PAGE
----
Diposting oleh Dwi Wahyudi | | | 0 komentar »

Accounting Article(New York/December 8, 2008) – To mark the beginning of World Accountancy Week, the International Federation of Accountants (IFAC) has released the results of its 2008 Global Leadership Survey. This year's survey sought the views of leaders of accountancy institutes worldwide on the current credit crisis and other top issues for the profession. Chief executives and presidents of 110 accountancy organizations* worldwide responded to the survey. The majority of these organizations have been actively engaged, like IFAC, in identifying and executing appropriate responses to the crisis, supporting their members in understanding applicable international standards, and working with regulators, business groups and others to find solutions. Many of these initiatives are featured on IFAC's website in its new page on the global financial crisis. **

"According to survey respondents, the credit crisis is resulting in increased awareness of the value of professional accountants and the services they provide," says IFAC Chief Executive Ian Ball. "It is now up to the profession to continue to meet the expectations of those that depend on our work and to contribute to rebuilding confidence in financial markets."

Leaders of accountancy organizations reported an increased trend in the need for services that are related in some way to the crisis. For example, in the coming year they expect their members in public practice to be more involved in corporate recovery and insolvency services, assurance services (other than audit), as well as risk and compliance related work. Members employed in business and industry are also expected to be more involved in risk management, as well as in the areas of corporate social responsibility and sustainability, internal control, and governance and compliance work.

Respondents believe that the most important issues for the accountancy profession in the coming year are:

- Addressing the needs of small and medium enterprises (SMEs) and small and medium practices (SMPs);
- Meeting expectations to identify and prevent fraud;
- Dealing with the changing regulatory landscape; and
- Transitioning to International Standards on Auditing.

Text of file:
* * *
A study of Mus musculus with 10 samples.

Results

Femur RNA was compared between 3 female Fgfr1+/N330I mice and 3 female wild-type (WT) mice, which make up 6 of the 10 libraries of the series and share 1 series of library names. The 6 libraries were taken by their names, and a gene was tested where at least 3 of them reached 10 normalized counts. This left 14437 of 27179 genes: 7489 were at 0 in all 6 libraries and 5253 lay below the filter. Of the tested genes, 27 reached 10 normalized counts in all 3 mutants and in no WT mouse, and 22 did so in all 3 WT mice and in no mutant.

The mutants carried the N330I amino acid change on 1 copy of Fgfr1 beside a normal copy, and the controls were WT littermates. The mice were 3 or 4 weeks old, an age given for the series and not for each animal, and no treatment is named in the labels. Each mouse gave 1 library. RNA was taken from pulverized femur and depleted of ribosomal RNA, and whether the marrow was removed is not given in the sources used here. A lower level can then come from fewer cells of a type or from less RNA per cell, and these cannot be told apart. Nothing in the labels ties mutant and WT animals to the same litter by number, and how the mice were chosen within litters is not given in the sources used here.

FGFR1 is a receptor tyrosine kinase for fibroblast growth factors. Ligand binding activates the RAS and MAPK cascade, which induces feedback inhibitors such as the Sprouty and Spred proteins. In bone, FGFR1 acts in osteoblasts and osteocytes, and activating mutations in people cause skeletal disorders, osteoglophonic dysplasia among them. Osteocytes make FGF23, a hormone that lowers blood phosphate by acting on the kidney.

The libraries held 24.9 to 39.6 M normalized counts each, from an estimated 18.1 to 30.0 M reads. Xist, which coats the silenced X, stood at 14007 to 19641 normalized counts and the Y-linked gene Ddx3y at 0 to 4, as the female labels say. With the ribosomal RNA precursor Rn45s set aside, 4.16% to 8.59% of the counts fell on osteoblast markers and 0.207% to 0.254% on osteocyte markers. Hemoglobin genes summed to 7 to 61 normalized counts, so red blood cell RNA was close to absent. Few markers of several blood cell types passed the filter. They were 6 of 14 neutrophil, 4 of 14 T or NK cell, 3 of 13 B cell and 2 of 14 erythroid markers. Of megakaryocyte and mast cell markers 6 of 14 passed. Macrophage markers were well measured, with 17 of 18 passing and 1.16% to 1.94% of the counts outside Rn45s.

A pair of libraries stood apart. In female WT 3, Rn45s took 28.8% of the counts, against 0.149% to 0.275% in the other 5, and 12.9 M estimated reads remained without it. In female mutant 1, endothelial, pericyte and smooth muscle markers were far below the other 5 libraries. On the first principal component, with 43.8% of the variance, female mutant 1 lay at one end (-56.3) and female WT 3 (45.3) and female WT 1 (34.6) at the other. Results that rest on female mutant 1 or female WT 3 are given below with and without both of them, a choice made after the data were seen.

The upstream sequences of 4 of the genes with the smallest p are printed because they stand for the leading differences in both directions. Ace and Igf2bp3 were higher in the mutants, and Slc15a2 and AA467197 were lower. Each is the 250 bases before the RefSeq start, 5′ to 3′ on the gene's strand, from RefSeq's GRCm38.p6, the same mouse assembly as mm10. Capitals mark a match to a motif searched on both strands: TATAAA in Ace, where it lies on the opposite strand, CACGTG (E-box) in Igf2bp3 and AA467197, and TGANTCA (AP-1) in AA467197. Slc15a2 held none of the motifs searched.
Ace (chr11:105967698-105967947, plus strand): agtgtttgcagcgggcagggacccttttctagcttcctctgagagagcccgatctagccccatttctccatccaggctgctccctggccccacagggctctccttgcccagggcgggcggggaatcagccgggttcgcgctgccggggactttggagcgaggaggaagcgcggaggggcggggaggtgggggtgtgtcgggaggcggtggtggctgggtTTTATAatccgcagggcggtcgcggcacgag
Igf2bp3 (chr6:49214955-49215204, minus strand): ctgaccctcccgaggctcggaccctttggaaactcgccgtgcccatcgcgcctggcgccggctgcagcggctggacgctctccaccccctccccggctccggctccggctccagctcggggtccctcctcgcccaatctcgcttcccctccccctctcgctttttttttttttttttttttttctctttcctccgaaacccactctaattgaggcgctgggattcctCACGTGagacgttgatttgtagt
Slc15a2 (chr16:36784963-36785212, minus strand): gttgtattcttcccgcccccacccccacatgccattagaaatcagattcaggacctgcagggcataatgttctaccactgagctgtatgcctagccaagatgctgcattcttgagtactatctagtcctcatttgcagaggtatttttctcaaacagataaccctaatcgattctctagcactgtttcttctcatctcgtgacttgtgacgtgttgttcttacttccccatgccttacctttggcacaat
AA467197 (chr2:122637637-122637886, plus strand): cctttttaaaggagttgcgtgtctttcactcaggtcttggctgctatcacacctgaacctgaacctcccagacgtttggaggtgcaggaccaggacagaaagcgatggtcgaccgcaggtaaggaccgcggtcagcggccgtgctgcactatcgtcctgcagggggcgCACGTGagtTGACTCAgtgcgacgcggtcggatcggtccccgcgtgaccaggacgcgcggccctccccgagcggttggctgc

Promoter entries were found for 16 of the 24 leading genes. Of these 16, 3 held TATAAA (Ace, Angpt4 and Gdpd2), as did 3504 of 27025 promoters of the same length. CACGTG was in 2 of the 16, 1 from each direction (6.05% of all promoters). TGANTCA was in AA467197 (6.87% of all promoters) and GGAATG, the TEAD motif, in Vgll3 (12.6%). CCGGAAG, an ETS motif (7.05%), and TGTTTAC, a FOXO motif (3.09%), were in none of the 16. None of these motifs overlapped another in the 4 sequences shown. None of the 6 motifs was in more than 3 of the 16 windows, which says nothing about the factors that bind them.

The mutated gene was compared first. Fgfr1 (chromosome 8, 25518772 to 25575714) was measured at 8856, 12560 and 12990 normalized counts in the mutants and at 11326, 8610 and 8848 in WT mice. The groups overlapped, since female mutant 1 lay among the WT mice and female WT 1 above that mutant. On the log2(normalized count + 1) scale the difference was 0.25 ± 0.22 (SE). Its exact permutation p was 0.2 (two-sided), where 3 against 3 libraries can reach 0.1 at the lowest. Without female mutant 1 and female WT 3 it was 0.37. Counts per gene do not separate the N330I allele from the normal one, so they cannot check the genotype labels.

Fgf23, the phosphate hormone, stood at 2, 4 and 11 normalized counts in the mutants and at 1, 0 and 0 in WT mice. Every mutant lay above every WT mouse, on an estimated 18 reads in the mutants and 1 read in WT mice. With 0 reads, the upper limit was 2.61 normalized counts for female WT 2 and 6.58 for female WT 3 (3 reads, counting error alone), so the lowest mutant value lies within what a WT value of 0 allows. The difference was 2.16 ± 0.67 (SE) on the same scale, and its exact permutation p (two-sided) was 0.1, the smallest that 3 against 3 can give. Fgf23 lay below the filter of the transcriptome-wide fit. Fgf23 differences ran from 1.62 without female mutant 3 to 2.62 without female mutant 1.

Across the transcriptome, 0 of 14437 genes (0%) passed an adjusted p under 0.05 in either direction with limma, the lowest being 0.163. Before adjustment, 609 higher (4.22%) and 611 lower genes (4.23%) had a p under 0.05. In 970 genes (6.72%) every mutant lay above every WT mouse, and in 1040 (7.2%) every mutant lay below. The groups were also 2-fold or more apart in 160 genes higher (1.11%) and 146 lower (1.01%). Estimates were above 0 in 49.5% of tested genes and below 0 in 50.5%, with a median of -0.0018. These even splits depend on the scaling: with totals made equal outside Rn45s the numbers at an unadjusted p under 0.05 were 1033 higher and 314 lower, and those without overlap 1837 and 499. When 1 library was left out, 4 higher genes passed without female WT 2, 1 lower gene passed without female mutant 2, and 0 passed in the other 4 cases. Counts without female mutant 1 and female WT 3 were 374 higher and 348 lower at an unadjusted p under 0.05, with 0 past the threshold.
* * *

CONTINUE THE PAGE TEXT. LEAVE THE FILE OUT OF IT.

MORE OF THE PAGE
They also believe it is increasingly important to address the transition to International Financial Reporting Standards, auditor liability issues, the use of new technologies like XBRL, and corporate social responsibility issues.

Recently-appointed IFAC President Robert Bunting has indicated that addressing the needs of SMPs and SMEs will be a priority for IFAC over the next two years.

"The survey confirms that meeting the needs of SMPs and SMEs is a global concern and a global goal. These entities are among those likely to suffer significantly from the current financial crisis yet they are among the least at fault. We must look for ways to mitigate the effect of the crisis on SMPs and SMEs," emphasizes Mr. Bunting.

Other survey results point to an increase in the attractiveness of the profession to students. According to survey respondents, the factors positively influencing students are the career options available and earning potential. However, leaders of accountancy institutes indicated that the two factors having the most negative impact on the attractiveness of the profession are work/life balance and legal liability. Most respondents indicated that they have initiatives in place to address these issues.

During World Accountancy Week, December 7, 2008 to December 13, 2008, accountancy institutes will be communicating the benefits of pursuing a career in accountancy and the role of professional accountants in contributing to economic growth and development.
IFAC is the worldwide organization for the accountancy profession dedicated to serving the public interest by strengthening the profession and contributing to the development of strong international economies. IFAC is currently comprised of 158 professional accountancy bodies in 122 countries, representing more than 2.5 million accountants in public practice, education, government service, industry and commerce. IFAC, through its independent standard-setting boards, sets international standards of ethics, auditing and assurance, education, and public sector accounting. It also issues guidance to encourage high quality performance by professional accountants in business.